New Odessa Final Report

Russian Jewish immigrants founded New Odessa at the end of the 19th century. They proposed a different way of life for their community. Novel ideas influenced their lifestyle, a defining characteristic of utopian thinking. The focus of my original research question was about uncovering these ideas and discovering how they were reflected in New Odessa. But the community dissolved after five years. Ideological disagreement was suggested to be the cause. This facet changed the course of my research, and, thankfully, made it more interesting. In short, I now sought to discover the factors that contributed to both the rise and fall of New Odessa.

The rise of New Odessa was a function of the historical conditions at the time. Russian and Jewish history are two subjects that I am familiar with. Some background is necessary to understanding both the rise of New Odessa, and the rationale behind my research. Europe saw a plethora of “isms” in the 19th century, including anti-Semitism. Jews across Europe were brutally murdered in a series of pogroms. These pogroms took place in Russia and many Jews reluctantly sought refuge outside Europe.

New Odessa’s original members were Russian Jewish immigrants who desired a safer and better life. I learned more about this when I encountered my first exhibit source, a response to a questionnaire issued to the son of an original member. By simply reading the question posed to Theodore Swett, I prepared myself for an intellectual endeavor: “Will you write a page of interesting anecdotes dealing with your parents, ancestors and their generations? Please make a distinction between what you know to be true and what is hearsay.” Sweet commenced his two-page response with the intent to tell how New Odessa came into existence. His account noted how the founders wanted a farming lifestyle in America. Moreover, his anecdotes reflected these ideals present in the rise of New Odessa. But near the end of his response Swett indicates that ideological and political divisions led to the community’s eventual demise. I was unsatisfied with the brevity of this claim, and wanted to know more. Ultimately, my research question developed in order to incorporate the demise of New Odessa.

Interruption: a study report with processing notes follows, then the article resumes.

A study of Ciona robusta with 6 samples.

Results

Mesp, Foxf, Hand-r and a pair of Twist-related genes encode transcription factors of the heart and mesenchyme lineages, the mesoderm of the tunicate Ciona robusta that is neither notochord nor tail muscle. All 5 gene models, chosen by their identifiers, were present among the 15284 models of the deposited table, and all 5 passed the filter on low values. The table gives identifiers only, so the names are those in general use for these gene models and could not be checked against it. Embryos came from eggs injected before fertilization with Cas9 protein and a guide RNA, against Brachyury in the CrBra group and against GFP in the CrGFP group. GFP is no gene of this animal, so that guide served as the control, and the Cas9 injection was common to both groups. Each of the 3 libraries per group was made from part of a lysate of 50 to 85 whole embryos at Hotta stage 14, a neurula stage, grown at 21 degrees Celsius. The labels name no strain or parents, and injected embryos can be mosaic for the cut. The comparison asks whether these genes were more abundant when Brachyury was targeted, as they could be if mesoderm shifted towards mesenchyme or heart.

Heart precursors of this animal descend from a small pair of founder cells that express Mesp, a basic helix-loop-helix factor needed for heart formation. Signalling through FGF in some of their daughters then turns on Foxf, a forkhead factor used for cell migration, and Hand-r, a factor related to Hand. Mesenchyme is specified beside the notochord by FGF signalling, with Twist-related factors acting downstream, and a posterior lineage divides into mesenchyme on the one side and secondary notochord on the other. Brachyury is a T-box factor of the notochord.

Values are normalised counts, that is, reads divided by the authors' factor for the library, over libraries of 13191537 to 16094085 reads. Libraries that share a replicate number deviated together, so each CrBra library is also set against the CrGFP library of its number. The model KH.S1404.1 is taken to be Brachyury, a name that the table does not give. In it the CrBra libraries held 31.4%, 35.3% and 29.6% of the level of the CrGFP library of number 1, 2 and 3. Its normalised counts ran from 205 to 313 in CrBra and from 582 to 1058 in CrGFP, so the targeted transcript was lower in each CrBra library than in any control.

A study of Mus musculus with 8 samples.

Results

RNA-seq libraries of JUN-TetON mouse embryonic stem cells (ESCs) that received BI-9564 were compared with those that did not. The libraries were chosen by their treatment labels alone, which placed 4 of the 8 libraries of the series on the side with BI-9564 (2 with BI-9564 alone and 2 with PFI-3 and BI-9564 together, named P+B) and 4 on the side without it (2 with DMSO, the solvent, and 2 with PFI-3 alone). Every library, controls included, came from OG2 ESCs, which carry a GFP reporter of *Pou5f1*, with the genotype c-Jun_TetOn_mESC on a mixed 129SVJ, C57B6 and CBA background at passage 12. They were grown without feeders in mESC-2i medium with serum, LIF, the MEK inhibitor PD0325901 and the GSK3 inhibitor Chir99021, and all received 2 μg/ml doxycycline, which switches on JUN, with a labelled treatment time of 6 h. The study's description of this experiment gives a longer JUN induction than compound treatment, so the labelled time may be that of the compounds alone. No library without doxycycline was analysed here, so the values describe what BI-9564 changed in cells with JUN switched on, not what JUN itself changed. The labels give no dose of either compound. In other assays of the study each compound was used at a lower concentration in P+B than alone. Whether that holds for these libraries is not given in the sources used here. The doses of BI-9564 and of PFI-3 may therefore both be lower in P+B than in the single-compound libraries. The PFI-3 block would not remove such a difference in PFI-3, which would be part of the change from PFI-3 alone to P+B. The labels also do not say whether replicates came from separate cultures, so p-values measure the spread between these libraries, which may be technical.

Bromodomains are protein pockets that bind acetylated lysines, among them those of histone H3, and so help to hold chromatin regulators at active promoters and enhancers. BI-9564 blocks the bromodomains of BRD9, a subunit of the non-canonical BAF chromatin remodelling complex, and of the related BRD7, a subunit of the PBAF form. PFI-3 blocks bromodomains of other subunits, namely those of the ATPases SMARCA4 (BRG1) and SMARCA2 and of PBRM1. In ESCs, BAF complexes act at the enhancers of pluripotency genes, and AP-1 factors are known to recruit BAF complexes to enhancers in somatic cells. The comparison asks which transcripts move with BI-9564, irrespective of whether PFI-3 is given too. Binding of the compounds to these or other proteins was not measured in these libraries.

In researching its demise, I learned how William Frey, the leader of the community, inadvertently caused divisions within his community. Interestingly enough, Frey was non-Jewish yet leading a predominantly Jewish community. I was intrigued by this, because I wondered if this produced cultural divisions between some of the members. Unfortunately, this train of thought was a dead end, because, as I learned throughout my research, the right archives often do not exist. But Frey did cause ideological division due to his continual preaching. Frey was a visionary whose beliefs were rooted in Positivism, a philosophy that shares much in common with utopian thinking.

Understanding the philosophy of New Odessa’s leader was the crux of my research. First, because positivism is characteristically utopian. Gaining some, albeit little, information about what philosophy New Odessa continually heard (besides their farming lifestyle) reflects the ideas present in its rise. Second, I later discovered in my research that it was Frey’s insistence on this philosophy that caused the political and ideological divisions which would later lead to the community’s demise. In effect, William Frey wanted to win members over with positivism, but in the process of doing so he disheartened them.

Reflecting on my research, I am reminded why it is called research and not search. On multiple occasions I found contradictions, questionable citations, or nothing at all. The last result frequently frustrated me. One of the most helpful sources I employed in my research was a graduate student’s thesis about New Odessa. This student wrote a two-page preface about the lack of existing information about New Odessa. Those comments resonated with me as I struggled to locate three sources. I was very thankful for the abundance of sources cited in that student’s work.

My research process was dynamic. I first wanted to uncover the rationale behind New Odessa’s initial success. Sources offered impartial answers, and information worthy of inclusion, but on the condition of a new research question. After refining my question to include both the rise and fall of New Odessa, I discovered that these developments were not mutually exclusive. Actually, they were linked to the divisive ideology/philosophy preached by the community’s leader. And while positivism ultimately reinforced how utopian thinking was reflected in New Odessa, it also contributed to the community’s demise. Like other utopian thinking, New Odessa suffered from a paradox created by its ideas: To win is to lose.